It’s well known that the United States government often doesn’t treat its military veterans as well as they should be treated. Far too many former servicemen and women aren’t getting what they were promised when they enlisted. Those fortunate enough to escape war zones with their physical bodies intact must endure debilitating mental disorders that can follow them for the rest of their lives.
A significant portion of American veterans suffer from post-traumatic stress disorder (PTSD) when returning home from war. According to a 2012 report from the United States Department of Veterans Affairs (VA), 30 percent of military vets who served in Iraq and Afghanistan now suffer from PTSD and depression. While lifelong mental health problems stemming from fighting in a war are nothing new, what is new is how Americans are looking at treating these ailments.
Because of growing acceptance of the use of cannabis medicine, the drug has been advocated and championed in the treatment of veterans suffering from PTSD. Anyone with even the slightest knowledge of the healing properties of cannabis will understand why the medicine will help alleviate PTSD symptoms like anxiety, flashbacks and depression. Studies have already shown a significant reduction in PTSD symptoms in patients who medicate with cannabis.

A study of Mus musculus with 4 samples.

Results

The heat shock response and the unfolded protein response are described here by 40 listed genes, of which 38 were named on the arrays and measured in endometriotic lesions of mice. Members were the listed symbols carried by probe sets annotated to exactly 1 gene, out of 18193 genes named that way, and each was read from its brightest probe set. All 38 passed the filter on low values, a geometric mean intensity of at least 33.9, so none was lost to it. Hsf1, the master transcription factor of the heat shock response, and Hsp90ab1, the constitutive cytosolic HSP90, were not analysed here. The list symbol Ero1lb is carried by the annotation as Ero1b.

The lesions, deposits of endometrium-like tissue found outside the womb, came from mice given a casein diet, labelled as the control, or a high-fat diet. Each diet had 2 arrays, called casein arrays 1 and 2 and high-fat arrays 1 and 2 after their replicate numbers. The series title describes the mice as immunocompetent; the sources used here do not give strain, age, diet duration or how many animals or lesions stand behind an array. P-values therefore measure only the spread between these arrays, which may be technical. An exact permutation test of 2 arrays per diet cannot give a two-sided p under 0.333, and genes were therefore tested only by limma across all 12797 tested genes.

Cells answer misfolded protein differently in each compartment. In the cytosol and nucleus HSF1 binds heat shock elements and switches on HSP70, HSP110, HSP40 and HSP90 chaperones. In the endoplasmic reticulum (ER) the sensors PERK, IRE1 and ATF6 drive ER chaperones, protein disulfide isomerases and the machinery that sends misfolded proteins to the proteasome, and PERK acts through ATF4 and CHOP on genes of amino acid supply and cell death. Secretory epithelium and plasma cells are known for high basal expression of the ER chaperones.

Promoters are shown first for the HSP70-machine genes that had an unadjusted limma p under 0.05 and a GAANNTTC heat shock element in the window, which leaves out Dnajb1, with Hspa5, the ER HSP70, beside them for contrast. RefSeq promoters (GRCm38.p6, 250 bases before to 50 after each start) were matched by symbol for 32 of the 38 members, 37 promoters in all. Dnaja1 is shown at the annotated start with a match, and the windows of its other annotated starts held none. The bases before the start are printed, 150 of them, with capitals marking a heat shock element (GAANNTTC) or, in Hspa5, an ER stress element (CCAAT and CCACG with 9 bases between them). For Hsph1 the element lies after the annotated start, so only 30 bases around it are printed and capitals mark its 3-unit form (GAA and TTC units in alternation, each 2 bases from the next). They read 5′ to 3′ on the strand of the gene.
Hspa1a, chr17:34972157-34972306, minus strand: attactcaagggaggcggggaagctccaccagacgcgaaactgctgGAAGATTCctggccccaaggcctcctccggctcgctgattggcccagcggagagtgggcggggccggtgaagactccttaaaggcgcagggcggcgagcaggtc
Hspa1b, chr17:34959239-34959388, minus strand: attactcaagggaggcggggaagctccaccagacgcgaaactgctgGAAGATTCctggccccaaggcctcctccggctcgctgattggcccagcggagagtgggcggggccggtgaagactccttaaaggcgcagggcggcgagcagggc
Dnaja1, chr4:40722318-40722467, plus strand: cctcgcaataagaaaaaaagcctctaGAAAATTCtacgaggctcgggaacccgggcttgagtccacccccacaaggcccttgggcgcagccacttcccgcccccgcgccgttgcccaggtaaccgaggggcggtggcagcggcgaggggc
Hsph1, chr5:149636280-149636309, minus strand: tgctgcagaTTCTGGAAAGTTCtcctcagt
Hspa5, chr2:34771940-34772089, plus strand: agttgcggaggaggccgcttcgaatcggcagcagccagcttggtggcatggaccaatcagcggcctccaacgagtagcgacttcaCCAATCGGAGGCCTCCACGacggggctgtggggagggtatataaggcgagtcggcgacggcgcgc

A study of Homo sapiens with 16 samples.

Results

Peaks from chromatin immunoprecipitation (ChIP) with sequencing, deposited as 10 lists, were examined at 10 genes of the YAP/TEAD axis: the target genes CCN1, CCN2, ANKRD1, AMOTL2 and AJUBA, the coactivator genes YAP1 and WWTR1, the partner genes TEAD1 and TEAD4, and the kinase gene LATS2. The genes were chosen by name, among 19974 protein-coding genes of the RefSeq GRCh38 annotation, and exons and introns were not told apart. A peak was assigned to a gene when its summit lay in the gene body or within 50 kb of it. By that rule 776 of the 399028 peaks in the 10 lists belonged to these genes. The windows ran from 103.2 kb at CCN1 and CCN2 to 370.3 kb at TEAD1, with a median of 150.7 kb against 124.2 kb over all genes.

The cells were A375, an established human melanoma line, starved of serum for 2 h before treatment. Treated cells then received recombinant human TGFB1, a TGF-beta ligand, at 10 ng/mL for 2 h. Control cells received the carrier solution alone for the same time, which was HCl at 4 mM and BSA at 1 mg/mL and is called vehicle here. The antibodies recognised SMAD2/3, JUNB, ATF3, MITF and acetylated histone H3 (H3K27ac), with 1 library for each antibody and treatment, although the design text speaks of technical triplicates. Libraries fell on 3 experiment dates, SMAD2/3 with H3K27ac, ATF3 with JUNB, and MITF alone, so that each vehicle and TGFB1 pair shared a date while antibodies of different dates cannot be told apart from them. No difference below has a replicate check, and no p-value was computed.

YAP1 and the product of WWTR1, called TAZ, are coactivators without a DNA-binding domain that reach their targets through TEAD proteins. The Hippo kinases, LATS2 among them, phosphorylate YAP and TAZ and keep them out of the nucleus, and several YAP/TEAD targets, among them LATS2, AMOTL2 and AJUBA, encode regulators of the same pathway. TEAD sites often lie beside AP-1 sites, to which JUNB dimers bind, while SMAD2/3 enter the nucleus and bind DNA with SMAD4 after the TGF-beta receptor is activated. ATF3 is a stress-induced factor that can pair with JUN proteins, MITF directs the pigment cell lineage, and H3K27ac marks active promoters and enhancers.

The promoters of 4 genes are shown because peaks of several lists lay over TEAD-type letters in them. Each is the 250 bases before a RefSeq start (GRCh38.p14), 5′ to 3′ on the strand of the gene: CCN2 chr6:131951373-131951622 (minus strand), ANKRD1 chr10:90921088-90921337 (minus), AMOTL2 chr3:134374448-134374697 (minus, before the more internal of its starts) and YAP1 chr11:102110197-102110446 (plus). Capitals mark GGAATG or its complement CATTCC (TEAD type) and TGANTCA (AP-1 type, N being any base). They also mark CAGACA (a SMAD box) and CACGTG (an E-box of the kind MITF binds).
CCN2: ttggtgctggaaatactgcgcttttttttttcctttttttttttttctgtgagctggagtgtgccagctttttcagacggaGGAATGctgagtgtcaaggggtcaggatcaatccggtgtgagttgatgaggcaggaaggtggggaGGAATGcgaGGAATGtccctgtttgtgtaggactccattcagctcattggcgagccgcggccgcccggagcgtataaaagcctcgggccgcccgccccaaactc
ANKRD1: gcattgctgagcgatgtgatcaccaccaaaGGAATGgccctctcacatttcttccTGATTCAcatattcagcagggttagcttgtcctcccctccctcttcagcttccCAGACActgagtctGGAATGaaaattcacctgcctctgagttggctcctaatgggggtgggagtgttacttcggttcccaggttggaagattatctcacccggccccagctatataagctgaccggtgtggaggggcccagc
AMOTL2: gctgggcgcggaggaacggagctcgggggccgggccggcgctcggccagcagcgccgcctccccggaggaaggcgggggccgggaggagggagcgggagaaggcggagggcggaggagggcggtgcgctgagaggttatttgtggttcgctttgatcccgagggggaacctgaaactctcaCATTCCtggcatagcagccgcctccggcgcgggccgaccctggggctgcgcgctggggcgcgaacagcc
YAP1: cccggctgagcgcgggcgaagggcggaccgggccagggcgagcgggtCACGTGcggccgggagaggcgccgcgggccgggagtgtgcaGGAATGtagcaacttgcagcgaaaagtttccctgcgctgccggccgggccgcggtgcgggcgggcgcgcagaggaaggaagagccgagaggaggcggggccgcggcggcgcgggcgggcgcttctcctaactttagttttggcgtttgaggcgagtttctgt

To date, the VA bans medical providers from recommending marijuana treatments to veteran patients, even in states where medical cannabis use is entirely legal. Our brave military vets are getting some good news. Recently, a bipartisan senate committee has approved a significant amendment that could help treat vets suffering from PTSD. The Veterans Equal Access Amendment passed by a vote of 18-12. The measure will allow VA doctors to recommend medical cannabis to veteran patients. The amendment has been added to the Military Construction and Veterans Affairs Appropriations bill.
“Elected officials are finally starting to wake up to the fact that endorsing marijuana reform is good politics instead of the dangerous third rail they’ve long viewed it as,” said Tom Angell, chairman of Marijuana Majority.
Of course marijuana will remain illegal at a federal level, but it’s becoming increasingly more obvious that the DEA and other law enforcement agencies are less interested in busting patients and caregivers and more interested in those still skirting laws and relying on black market resources and tactics.
Congress must still vote on the bill before it becomes law, but the amendment’s approval is a huge victory for cannabis policy reform. This particular amendment is the first time that upper chambers of Congress have voted positively on marijuana reform. There is still so much work to be done, whether treating vets with PTSD or cancer patients, but this is one step closer to the goal of legal access to the cannabis medicine they need to treat what ails them.